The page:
Ideas to Advance Building Industry Shared During Capitol Hill Briefing

May 21, 2013
The recommendations were from the National Institute of Building Sciences’ 2012 Consultative Council Report.

Recommendations implementable in the near term that can serve as the basis of a national buildings policy were shared during a briefing on Capitol Hill hosted by the High-Performance Buildings Caucus of the U.S. Congress to kick off High Performance Building Week May 13.

The recommendations, from the National Institute of Building Sciences2012 Consultative Council Report, “Moving Forward: Findings and Recommendations from the Consultative Council,” included:

• The building industry and policymakers identifying baseline metrics for measuring performance and coordinating ongoing efforts in this area.

• The building community working with scientists to identify and implement practices, standards, codes, and guidelines needed to adapt the built environment to climate change.

• Stakeholders working to identify ways to streamline the regulatory process and eliminate overlap, duplication, inconsistency, and inefficiency in the application of regulations, processes, and procedures.

• The building industry and regulatory community identifying ways to improve the code-compliance process and looking for alternative processes.

• Building owners recognizing the value of retrocommissioning and the importance of well-qualified retrocommissioning authorities.

• Policymakers quantifying the impact of retroactive application of requirements on existing buildings.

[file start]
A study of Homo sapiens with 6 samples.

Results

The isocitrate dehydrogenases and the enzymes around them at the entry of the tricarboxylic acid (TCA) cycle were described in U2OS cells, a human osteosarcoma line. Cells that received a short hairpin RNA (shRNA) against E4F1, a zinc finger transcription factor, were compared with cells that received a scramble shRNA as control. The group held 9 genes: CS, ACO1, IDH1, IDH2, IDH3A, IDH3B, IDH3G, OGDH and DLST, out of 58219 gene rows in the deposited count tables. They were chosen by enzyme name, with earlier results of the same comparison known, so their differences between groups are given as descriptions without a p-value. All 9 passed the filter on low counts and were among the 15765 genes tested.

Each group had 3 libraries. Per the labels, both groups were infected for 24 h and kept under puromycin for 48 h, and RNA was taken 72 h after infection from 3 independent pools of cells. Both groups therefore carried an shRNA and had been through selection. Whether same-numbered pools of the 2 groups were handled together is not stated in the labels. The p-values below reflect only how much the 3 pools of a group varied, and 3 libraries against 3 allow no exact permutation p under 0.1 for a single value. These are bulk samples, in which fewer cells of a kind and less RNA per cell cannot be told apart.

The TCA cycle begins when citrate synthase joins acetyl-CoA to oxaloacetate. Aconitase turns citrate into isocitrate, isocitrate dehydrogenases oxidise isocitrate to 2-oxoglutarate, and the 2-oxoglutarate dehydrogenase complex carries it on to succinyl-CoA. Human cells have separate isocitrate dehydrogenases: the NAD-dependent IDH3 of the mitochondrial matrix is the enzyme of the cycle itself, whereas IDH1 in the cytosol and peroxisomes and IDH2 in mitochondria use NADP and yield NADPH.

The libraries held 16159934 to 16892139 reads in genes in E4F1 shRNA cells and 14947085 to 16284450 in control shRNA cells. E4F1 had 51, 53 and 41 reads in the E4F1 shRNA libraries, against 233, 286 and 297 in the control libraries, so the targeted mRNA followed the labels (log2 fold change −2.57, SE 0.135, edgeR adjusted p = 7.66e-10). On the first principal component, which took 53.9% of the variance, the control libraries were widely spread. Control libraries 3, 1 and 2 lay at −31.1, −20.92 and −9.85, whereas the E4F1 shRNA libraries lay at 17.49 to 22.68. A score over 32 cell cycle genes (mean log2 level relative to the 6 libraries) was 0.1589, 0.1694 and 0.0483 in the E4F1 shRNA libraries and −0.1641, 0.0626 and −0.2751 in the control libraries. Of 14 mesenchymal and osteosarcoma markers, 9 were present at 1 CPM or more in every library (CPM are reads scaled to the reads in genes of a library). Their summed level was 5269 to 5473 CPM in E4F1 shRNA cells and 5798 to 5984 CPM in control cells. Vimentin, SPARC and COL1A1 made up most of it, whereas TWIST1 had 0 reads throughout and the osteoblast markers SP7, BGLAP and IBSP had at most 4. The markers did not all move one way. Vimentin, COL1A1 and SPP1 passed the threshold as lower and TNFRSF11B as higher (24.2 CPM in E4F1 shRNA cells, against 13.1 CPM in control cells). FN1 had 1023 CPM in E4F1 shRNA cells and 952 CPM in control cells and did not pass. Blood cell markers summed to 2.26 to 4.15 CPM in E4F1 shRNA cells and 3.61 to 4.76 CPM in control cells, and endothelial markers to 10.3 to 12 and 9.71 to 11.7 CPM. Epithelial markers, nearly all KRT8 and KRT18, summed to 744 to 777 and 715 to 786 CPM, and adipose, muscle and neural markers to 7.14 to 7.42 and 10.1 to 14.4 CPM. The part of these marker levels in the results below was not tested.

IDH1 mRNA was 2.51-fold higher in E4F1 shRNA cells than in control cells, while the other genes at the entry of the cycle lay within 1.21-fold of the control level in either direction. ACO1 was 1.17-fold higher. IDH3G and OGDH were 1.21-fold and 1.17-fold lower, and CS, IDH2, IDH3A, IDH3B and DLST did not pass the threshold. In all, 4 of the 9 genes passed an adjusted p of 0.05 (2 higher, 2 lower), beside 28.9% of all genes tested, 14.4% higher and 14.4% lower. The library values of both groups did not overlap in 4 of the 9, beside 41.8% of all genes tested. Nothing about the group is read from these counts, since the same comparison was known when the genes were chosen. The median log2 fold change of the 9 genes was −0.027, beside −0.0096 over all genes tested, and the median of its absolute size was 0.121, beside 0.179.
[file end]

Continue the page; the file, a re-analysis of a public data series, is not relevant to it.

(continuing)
• Policymakers, foundations, and research institutions providing financial, political, and technical support for multidisciplinary research supporting the achievement of high-performance buildings.

• Utilities, policymakers, code developers, and the industry at large developing an approach to time-dependent valuation of energy, conducting research on pipe sizing, and determining how thermal insulation on potable- and other hot-water delivery systems impacts energy and water use.

About the Author

Scott Arnold | Executive Editor

Described by a colleague as "a cyborg ... requir(ing) virtually no sleep, no time off, and bland nourishment that can be consumed while at his desk" who was sent "back from the future not to terminate anyone, but with the prime directive 'to edit dry technical copy' in order to save the world at a later date," Scott Arnold joined the editorial staff of HPAC Engineering in 1999. Prior to that, he worked as an editor for daily newspapers and a specialty-publications company. He has a bachelor's degree in journalism from Kent State University.